Single Parenting Versus Double Parenting
Single parenting versus double parenting - Single Parenting Versus Double Parenting introduction. Which is a better suited environment to raise a successful child in? With America’s increasing divorce rate, this has become a reoccurring heated debate. “Everything depends on upbringing”. – Leo Tolstoy, War and Peace. Why is the question focused on the number of parents in the household rather than effective parenting techniques? Across America, the percent of families where children have two parents, instead of one has dramatically decreased over the past decade.
According to a 2012 December issue of The Washington Times fifteen million U. S. children, or 1 in 3 live without a father and almost five million without a mother. In most cases, not all, single parent households are in lower socioeconomic status. Sadly, less than 50% of custodial parents receive full child support; as a result, these families are more likely to live below the poverty line. Children may engage in delinquent behavior-stealing selling drugs, to compensate for their single parents’ financial short coming’s.
There is also less of a chance they will be teenage parents, physically or sexually abused, use drugs, and alcohol. There is also a slim chance they will be raised in poverty. Due to mothers playing the role of a nurturer and fathers being more so the disciplinary figure children receive important interactions from both sexes which is vital for their development. With both parents in the household the child has a better bond with each parent. Two parent, two incomes therefore, the child is more financially stable. Some believe a child raised with both parents in a healthy relationship make wiser relationship decisions.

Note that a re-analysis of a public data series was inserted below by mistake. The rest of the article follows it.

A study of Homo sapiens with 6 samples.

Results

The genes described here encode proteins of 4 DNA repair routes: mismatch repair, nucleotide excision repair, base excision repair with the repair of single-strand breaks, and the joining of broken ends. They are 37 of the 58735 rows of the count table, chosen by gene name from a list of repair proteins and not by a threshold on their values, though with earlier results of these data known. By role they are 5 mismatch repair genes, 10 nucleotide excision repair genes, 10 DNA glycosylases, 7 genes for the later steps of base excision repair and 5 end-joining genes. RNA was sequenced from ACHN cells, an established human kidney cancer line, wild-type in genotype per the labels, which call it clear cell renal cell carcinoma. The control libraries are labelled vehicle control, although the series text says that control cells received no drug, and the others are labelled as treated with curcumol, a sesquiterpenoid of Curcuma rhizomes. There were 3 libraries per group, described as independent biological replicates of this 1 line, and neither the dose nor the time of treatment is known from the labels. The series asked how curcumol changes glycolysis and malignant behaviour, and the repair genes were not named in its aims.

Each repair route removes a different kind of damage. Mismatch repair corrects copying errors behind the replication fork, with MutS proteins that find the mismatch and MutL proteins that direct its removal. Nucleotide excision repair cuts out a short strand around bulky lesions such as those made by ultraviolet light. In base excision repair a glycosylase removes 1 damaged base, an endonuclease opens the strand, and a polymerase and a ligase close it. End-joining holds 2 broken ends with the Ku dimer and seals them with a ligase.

Through the example set by their parents, as adults these children are less likely to be divorced. Despite the income difference, if the double parents’ relationship is dysfunctional, the child’s welfare is affected. Unhappily married parents had children that were more likely to binge drink; Children raised in high conflict can become hyper-vigilant in reaction to perceived conflict or threats. Being around violence and conflict can cause children to become hostile and aggressive in their interaction with others.
On the contrast, being in a hostile environment can also result in a child having twitches at any loud noise, introverted personality, and the fear of being married as an adult. Not to mention emotional issues, the child may feel they are the reason their parents may not be happy or they are the source of the arguments. In return they develop inner conflict with themselves and low self – esteem. The child may become very passive at the first sight of any conflict, which can result in being used and taken advantage of.